Ontario New Democratic Party candidates in the 1987 Ontario provincial election



Brantford: Jack Tubman[edit]

Jack Tubman (died November 10, 2005) was a labour activist in Brantford. Born and raised in the city, he was educated at Wilfrid Laurier University and at the Labour College of Canada in Montreal.

Tubman served as president of the Canadian Auto Workers Local 397 in the 1980s and was a national staff representative in the union from 1987 until his death,[1] he was also active with the Brantford and District Labour Council, which recognized him as Labour Citizen of the Year in 1981. Active in the Brant United Way, he was also a member of the Highway 403 east steering committee.[2]

He joined the New Democratic Party in 1970,[3] he was campaign manager for Member of Parliament Derek Blackburn and worked on campaigns in Manitoba and Alberta.[4] In 1974, he ran for a seat on the Brantford City Council.

Tubman was an Ontario New Democratic Party candidate in 1985 and 1987, finishing second on both occasions. In 1991, he served on a provincial committee that proposed comprehensive reforms to Ontario's labour laws; the changes would have prohibited companies from hiring any person to do the work of a striking employee and made it easier for unions to organize.[5]

In the buildup to the 1999 provincial election, Tubman recommended a strategic voting strategy to defeat Mike Harris's Progressive Conservative government.[6] In 2002, he co-authored an article with Peter Leibovitch on revitalizing the federal New Democratic Party; the article called for an end to American influence in Canada's domestic affairs and for an endorsement of the right to self-determination of Quebec and indigenous groups (although it did not endorse Quebec separatism).[7] Tubman supported Joe Comartin in the 2003 New Democratic Party leadership election.[8]

He died of cancer in 2005, at age fifty-seven.[9]

Electoral record
Election Division Party Votes % Place Winner
1974 Brantford municipal City Council, Ward Three n/a 912 11.87 5/5 Mabel Cooper and Pat Luciani
1985 provincial Brantford New Democratic 12,303 38.11 2/3 Philip Gillies, Progressive Conservative
1987 provincial Brantford New Democratic 12,112 33.52 2/3 Dave Neumann, Liberal

St. Catharines: Rob West[edit]

West was president of the St. Catharines and District Labour Council in the 1980s, and spoke before a legislative committee in this capacity to oppose "no-fault" automobile insurance. He has also described himself as an owner-coordinator.[1]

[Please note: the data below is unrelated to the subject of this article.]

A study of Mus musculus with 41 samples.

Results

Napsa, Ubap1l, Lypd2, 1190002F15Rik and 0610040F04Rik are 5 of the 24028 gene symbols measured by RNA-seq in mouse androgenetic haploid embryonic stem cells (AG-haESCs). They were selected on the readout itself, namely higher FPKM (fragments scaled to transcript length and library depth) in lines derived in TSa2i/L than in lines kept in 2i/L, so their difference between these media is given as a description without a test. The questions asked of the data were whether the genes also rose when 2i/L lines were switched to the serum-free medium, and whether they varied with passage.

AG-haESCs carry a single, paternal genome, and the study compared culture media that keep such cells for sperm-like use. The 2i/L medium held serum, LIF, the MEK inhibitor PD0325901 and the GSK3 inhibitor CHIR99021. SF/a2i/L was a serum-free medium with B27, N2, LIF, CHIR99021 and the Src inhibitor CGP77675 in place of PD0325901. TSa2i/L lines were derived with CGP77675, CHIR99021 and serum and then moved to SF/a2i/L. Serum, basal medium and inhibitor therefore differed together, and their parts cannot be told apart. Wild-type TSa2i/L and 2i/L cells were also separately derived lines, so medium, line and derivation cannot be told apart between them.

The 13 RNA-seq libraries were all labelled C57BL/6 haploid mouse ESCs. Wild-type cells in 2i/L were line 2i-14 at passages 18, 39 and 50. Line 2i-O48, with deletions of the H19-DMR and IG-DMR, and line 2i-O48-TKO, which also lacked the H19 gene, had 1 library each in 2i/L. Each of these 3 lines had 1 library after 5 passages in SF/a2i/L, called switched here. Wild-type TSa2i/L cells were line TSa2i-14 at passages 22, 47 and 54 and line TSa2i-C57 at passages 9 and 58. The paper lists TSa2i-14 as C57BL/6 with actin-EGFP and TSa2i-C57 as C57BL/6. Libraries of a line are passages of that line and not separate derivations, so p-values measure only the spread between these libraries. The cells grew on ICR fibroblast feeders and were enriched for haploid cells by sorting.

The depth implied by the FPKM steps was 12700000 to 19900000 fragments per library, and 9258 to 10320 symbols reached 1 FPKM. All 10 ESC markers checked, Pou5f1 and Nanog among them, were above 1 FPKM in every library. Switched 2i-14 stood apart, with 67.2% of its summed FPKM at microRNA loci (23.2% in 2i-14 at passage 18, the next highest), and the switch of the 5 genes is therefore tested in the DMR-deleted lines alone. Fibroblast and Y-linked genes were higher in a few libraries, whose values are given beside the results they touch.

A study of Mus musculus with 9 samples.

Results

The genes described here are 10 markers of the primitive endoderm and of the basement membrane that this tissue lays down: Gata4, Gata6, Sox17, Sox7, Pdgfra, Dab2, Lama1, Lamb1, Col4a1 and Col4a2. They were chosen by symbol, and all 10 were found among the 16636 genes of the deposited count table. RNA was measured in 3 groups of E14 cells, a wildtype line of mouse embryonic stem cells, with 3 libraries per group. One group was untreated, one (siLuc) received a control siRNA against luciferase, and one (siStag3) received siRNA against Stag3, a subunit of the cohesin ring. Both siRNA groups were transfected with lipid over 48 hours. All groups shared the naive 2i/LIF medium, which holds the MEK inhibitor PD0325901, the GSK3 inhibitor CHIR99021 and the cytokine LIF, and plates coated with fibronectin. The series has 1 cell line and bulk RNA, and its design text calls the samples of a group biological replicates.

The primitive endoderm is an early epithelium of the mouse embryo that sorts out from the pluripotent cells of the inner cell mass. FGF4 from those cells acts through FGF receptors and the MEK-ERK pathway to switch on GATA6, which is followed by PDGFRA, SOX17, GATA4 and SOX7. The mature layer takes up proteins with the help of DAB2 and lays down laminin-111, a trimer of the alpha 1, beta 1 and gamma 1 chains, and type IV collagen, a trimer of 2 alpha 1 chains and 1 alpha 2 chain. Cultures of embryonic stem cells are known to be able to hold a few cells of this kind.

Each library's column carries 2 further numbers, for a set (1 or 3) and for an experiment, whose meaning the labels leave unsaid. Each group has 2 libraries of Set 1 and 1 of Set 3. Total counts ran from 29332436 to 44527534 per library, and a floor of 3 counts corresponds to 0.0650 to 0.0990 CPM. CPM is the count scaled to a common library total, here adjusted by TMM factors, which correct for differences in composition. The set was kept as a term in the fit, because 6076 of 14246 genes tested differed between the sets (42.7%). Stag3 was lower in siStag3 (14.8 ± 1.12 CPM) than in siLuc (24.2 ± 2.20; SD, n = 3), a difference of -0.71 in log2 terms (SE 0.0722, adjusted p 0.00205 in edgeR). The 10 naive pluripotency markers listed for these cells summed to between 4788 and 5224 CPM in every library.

He received 5,566 votes (20.04%) in the 1987 election, finishing second against Liberal incumbent Jim Bradley.

West later ran for the federal New Democratic Party in the 1988 Canadian election, and finished third in the federal St. Catharines riding with 12,260 votes (25.45%). The winner was Ken Atkinson of the Progressive Conservative Party.

As of 2005, West is a representative of the Service Employees International Union, Local 1.ON, he has spoken out against health-care cuts in the St. Catharines area.[2]


  1. ^ CAW President Buzz Hargrove speech to CAW Council, 2–4 December 2005, accessed 19 October 2010.
  2. ^ Vincent Ball, "Labour activist 'wanted to make life better for everyone'," Brantford Expositor, 17 November 2005, A4.
  3. ^ Vincent Ball, "Labour activist 'wanted to make life better for everyone'," Brantford Expositor, 17 November 2005, A4.
  4. ^ See Richard Cleroux, "Veteran NDP MP faces tough battle," Globe and Mail, 28 August 1984, p. 3.
  5. ^ Wilfred List, "Tougher strike law proposed Labour members want firms shut," Globe and Mail, 22 April 1991, A4.
  6. ^ Ian Urquhart, "Trying to beat the Tories," 12 April 1999, A1.
  7. ^ Peter Leibovitch and Jack Tubman, "NDP can fill leadership void in Ottawa," Toronto Star, 14 August 2002, A21. A revised version of this article was published as "NDP leadership contest linked to Canada's future," Hamilton Spectator, 21 August 2002, A13.
  8. ^ Mike Martin, "Labour support crucial - and split - in NDP leadership race," '"Straight Goods, 17 October 2002.
  9. ^ Vincent Ball, "Labour activist 'wanted to make life better for everyone'," Brantford Expositor, 17 November 2005, A4.